Editor’s note: While the following article addresses Army-specific information, FLEP is available to all service members.
Officers interested in obtaining a law degree and becoming a member of the military’s legal team can apply for acceptance into the Funded Legal Education Program.
Each year the Army selects up to 25 active-duty officers to obtain a legal education at no cost to them, after which successful graduates will serve with the Judge Advocate Generals Corps.
“The FLEP is an invaluable resource for the Army JAG Corps,” said Lt. Col. Eugene Kim, the deputy staff judge advocate for the 21st Theater Sustainment Command. “FLEP enables a participant to remain on active duty with the Army while attending law school. This is an incredible personal and professional benefit, because a FLEP participant continues to earn the pay and benefits of an active-duty officer, and the period during which a FLEP participant is attending law school can be credited toward promotion and retirement purposes.”
The requirement is to be either a senior lieutenant or a junior captain, but with less than six years of service, said Maj. Karin Chelluri, officer in charge of the Kaiserslautern Legal Services Center.
“What the JAG Corps is looking for are folks who have had some military experience to help temper our corps,” she said.
Chelluri, who graduated the University of Texas School of Law under FLEP, added that FLEP graduates play a mentorship role to those officers who were directly commissioned into the JAG Corps and have little or no military background.
Having experience dealing with real world legal issues is one advantage FLEP students have over those going straight into law school from undergraduate studies.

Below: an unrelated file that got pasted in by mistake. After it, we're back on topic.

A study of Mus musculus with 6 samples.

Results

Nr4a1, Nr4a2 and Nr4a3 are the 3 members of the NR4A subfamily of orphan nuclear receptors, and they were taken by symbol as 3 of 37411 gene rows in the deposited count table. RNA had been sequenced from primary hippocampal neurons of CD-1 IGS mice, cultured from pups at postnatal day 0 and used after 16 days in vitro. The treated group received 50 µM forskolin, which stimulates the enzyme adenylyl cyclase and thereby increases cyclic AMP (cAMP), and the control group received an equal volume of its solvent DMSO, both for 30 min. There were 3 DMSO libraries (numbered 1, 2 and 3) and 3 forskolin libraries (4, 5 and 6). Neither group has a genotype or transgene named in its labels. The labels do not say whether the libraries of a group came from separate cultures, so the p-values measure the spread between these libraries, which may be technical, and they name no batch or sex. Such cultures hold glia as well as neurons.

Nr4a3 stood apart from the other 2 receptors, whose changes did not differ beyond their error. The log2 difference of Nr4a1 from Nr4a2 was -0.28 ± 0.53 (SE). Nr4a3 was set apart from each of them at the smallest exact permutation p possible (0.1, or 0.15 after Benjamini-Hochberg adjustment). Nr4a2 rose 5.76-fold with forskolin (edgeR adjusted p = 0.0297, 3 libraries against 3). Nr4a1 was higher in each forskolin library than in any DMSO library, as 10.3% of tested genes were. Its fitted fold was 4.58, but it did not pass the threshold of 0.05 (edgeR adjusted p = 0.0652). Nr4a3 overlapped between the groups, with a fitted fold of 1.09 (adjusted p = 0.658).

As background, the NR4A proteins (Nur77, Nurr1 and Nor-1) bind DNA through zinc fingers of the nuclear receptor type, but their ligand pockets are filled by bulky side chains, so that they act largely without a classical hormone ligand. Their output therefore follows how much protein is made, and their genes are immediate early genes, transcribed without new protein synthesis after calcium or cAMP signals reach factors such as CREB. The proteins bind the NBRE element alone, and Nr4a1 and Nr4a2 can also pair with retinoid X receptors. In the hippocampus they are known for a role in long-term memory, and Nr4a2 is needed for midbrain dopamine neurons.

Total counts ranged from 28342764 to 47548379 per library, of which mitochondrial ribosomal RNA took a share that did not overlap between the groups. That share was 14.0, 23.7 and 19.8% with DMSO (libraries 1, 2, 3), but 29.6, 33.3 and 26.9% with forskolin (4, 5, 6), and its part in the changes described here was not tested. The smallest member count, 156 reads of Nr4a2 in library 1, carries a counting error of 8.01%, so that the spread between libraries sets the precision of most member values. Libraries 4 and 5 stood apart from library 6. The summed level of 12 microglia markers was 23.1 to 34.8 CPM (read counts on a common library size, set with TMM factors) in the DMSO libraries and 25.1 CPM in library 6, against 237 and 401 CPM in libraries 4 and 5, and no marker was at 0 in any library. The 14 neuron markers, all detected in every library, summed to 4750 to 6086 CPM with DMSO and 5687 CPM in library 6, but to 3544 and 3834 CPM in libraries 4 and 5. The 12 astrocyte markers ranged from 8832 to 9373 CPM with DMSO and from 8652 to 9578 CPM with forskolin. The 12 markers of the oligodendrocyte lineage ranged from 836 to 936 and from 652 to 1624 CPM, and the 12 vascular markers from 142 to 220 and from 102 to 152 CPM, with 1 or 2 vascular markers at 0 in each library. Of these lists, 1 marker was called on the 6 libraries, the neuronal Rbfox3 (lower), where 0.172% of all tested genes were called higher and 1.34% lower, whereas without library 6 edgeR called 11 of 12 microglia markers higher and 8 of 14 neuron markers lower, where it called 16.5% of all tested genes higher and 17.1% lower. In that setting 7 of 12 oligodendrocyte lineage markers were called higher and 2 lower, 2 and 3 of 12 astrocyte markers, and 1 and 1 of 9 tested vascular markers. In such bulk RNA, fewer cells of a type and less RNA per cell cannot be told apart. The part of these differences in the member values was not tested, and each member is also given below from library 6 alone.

“In my law school class, there were several people who were choosing law as a second career and I think the professors always appreciated us because we had much more real world experience,” Chelluri said. “We had already, perhaps, experienced debt, or a foreclosure, or purchased a house and at least had some real world experience with the legal side of life compared with the average college graduate.”
Interested applicants have until Nov. 1 to turn in their completed packet, which includes a memorandum, a copy of college transcripts, and Law School Admission Test scores.
“Prospective applicants who are considering applying for the FLEP should double-check the eligibility requirements for the program to ensure that they satisfy the basic eligibility criteria,” Kim said. “Applicants should also talk with current Army judge advocates so that they can get a first-hand account of the benefits and expectations of a career in the Army JAG Corps.”
“I think you need to approach it with open eyes and understand what the legal profession does,” Chelluri said. “We don’t spend all day in a courtroom; there are a lot of different facets of both the Army profession and the legal profession itself. Once you have a good understanding and that’s the direction you want to pursue, then I think it’s a very fulfilling career. And I think the FLEP program is a fantastic way to do it.
“I think it’s a great program and it’s a great opportunity,” Chelluri added. “If people are a little intimidated or think that it’s a very difficult selection process, it never hurts to try.”
For more information on FLEP and application requirements, visit the service-specific website and search “FLEP.” Air Force members may contact Maj. Joshua Rosen, 86th Airlift Wing Legal Office, at 480-5911.